Leaving Before the Rains Come
Alexandra Fuller, Penguin Press, 272 pages
It’s rare that a life can bear more than one, let alone three, memoirs, but such is the power of Alexandra Fuller’s story – and her way of telling it. In her first book, 2001’s “Don’t Let’s Go to the Dogs Tonight,” Fuller wrote of her eccentric upbringing in Africa, with boozy British expat parents. It is a charming, electric book. As is her latest, “Leaving Before the Rains Come,” the story of her 19-year marriage.
Across two decades, three children, and eventual financial calamities, her life with husband Charlie Ross frays and eventually unravels. Fuller frets, flails and strays as the relationship founders.
Fuller’s intimacy with language ripples off the page.
“Leaving Before the Rain Comes” is the work of a writer finding real wisdom. Fuller gives herself over, in a more placid and thorough way than she did in her fevered youth, to the idea that “there is no way to order chaos. It’s the fundamental theory at the beginning and end of everything; it’s the ultimate law of nature. There’s no way to win against unpredictability, to suit up completely against accidents.”
Welcome to Braggsville
T. Geronimo Johnson, William Morrow, 384 pages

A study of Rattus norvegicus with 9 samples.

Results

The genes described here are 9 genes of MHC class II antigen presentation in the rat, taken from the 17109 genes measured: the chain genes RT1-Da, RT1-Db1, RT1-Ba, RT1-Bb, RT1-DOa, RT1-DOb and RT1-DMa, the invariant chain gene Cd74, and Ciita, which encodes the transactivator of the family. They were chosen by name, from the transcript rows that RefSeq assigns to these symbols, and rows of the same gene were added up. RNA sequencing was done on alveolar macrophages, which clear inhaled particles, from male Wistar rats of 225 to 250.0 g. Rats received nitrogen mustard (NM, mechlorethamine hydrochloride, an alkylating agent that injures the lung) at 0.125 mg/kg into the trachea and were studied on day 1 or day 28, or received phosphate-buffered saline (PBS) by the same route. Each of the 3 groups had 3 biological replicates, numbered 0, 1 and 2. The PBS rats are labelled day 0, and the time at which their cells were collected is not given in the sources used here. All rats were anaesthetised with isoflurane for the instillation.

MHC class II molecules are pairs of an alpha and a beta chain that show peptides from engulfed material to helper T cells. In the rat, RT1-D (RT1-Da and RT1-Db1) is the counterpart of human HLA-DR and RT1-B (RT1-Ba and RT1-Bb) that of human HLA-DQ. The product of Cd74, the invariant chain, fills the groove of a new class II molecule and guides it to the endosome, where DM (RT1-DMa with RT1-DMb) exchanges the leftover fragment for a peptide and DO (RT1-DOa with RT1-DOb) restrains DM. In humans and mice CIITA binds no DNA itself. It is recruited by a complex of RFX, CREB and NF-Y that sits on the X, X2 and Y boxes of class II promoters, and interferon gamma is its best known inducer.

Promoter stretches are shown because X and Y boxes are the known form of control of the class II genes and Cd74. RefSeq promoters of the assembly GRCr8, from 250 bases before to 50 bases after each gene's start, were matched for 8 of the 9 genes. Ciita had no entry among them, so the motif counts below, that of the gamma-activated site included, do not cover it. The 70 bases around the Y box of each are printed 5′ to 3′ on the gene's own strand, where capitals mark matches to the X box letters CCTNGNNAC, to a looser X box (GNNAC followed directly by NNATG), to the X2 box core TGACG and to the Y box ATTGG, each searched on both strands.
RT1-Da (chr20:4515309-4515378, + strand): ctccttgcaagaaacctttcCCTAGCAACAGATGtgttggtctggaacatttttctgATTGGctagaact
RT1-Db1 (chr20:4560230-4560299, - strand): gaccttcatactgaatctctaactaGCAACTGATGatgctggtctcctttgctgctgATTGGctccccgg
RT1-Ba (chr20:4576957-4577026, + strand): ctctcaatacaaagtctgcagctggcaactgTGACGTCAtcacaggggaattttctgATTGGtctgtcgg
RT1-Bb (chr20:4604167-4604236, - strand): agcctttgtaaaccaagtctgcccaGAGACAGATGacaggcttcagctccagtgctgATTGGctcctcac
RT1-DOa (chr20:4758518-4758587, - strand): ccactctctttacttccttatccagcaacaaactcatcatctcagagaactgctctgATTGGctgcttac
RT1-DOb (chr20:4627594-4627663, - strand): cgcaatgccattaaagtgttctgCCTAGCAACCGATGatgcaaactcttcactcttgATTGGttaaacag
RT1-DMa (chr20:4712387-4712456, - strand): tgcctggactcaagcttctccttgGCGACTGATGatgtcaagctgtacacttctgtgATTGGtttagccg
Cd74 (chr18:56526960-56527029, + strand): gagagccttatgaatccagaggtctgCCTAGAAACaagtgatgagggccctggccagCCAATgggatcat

The basic story line of T. Geronimo Johnson’s novel “Welcome to Braggsville” is straightforward and intriguing. Take four young, liberal-minded students at the University of California at Berkeley. Then send them on a class project that includes a fake lynching to be sprung during a Civil War reenactment in a small Georgia town.
What possibly could go wrong? In Johnson’s telling, a lot – both funny and frightful – as this cross-country mash-up of cultures provides a potent learning experience for the novel’s central figure, D’aron Davenport.
D’aron is a bright, gentle white student who grew up in Braggsville but fled to the more intellectually challenging environs of Berkeley. There he becomes fast friends with Charlie, a black athlete; Louis, a Malaysian with plans to be a stand-up comic; and Candice, a blonde from Iowa whom D’aron would like to know as more than a friend.
Johnson does not follow convention for structure and style. The narrative, for example, opens with a single sentence that runs on for more than a page of hip-hop-infused lingo that introduces D’aron through his youthful years. Scenes and events generally unfold in a more customary form, but the chronology is purposely choppy, and the dialogue at times encourages a second reading.
This is Johnson’s second novel. His first, “Hold it ’til it Hurts,” was a finalist for the 2013 PEN/Faulkner award for fiction.